Tony DiFebbo, a World War II veteran from Ticonderoga, poses with his guardian, Kaylee Couture, prior to making a North Country Honor Flight to Washington, D.C.
Ticonderoga Tony DiFebbo doesn’t like a lot of attention, so being part of the North Country Honor Flight recently had some uncomfortable moments.
“Everywhere we went people wanted to shake our hands; they saluted us,” the World War II veteran said. “It was an amazing feeling. It was very emotional.”
The flight took 31 veterans, including Ticonderoga resident DiFebbo, to Washington, D.C., for a tour of the World War II monument and other sites. But it was more than a sight-seeing trip. It was a way of honoring and thanking members of America’s Greatest Generation.
“It’s one of the best things I’ve ever done,” DiFebbo said of the trip. “They (Honor Flight officials) were fantastic. They made us feel really special. They deserve so much credit. It was wonderful.”
North Country Honor Flight is a non-profit organization created to honor the North Country’s veterans. It flies veterans to Washington, D.C., to visit and reflect at their memorials. Top priority is given to the senior veterans who are World War II survivors, along with those veterans who may be terminally ill.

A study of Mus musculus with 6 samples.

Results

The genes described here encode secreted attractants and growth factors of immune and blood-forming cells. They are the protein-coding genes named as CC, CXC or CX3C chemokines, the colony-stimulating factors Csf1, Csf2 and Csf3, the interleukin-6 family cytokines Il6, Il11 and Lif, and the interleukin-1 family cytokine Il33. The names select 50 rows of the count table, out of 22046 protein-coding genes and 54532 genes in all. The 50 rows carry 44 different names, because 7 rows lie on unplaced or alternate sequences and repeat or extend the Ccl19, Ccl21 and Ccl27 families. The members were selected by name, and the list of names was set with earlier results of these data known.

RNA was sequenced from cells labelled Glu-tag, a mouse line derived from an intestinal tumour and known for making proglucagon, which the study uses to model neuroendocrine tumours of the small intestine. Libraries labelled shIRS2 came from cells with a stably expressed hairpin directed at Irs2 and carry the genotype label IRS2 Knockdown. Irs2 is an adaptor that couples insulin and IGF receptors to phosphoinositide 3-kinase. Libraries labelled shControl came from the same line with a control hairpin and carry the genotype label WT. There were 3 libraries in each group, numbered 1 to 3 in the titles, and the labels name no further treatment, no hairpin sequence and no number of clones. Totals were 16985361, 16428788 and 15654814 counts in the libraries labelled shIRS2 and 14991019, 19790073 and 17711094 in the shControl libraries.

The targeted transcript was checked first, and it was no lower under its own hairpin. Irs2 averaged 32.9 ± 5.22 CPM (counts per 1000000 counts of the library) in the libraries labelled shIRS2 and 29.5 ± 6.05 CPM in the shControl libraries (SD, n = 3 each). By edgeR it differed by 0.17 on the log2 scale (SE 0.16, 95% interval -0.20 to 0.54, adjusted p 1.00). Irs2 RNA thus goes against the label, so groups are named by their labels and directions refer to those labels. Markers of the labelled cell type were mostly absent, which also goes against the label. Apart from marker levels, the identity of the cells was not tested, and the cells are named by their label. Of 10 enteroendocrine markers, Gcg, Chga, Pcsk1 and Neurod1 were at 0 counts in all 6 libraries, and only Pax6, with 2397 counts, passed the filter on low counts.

The veterans left Plattsburgh Airport following a ceremony that included military, police, firefighters, Boy Scouts, veterans groups and politicians.
“Today you will experience, and already have since early this morning, bugle calls, crowds cheering you, service men and women saluting you, motorcycles rolling thunder, police escorts, flashing lights, flags waving, tears flowing, handshakes and hugs, fire trucks with air horns blasting, a reception when your honor flight aircraft lands at BWI (Baltimore-Washington International Airport) — and in a few short hours you will arrive in Washington, D.C., at your memorial,” Danny Kaifetz, North Country Honor Flight executive director, told veterans prior to leaving.
“All the crowds, the flag waving, the hugs and handshakes and salutues and motorcycles and fire trucks, the tears and the joy, all of which is something I hope you will never forget, but you know what?” Kaifetz said. “That is just the interest on the debt this country has owed you for 68 years.”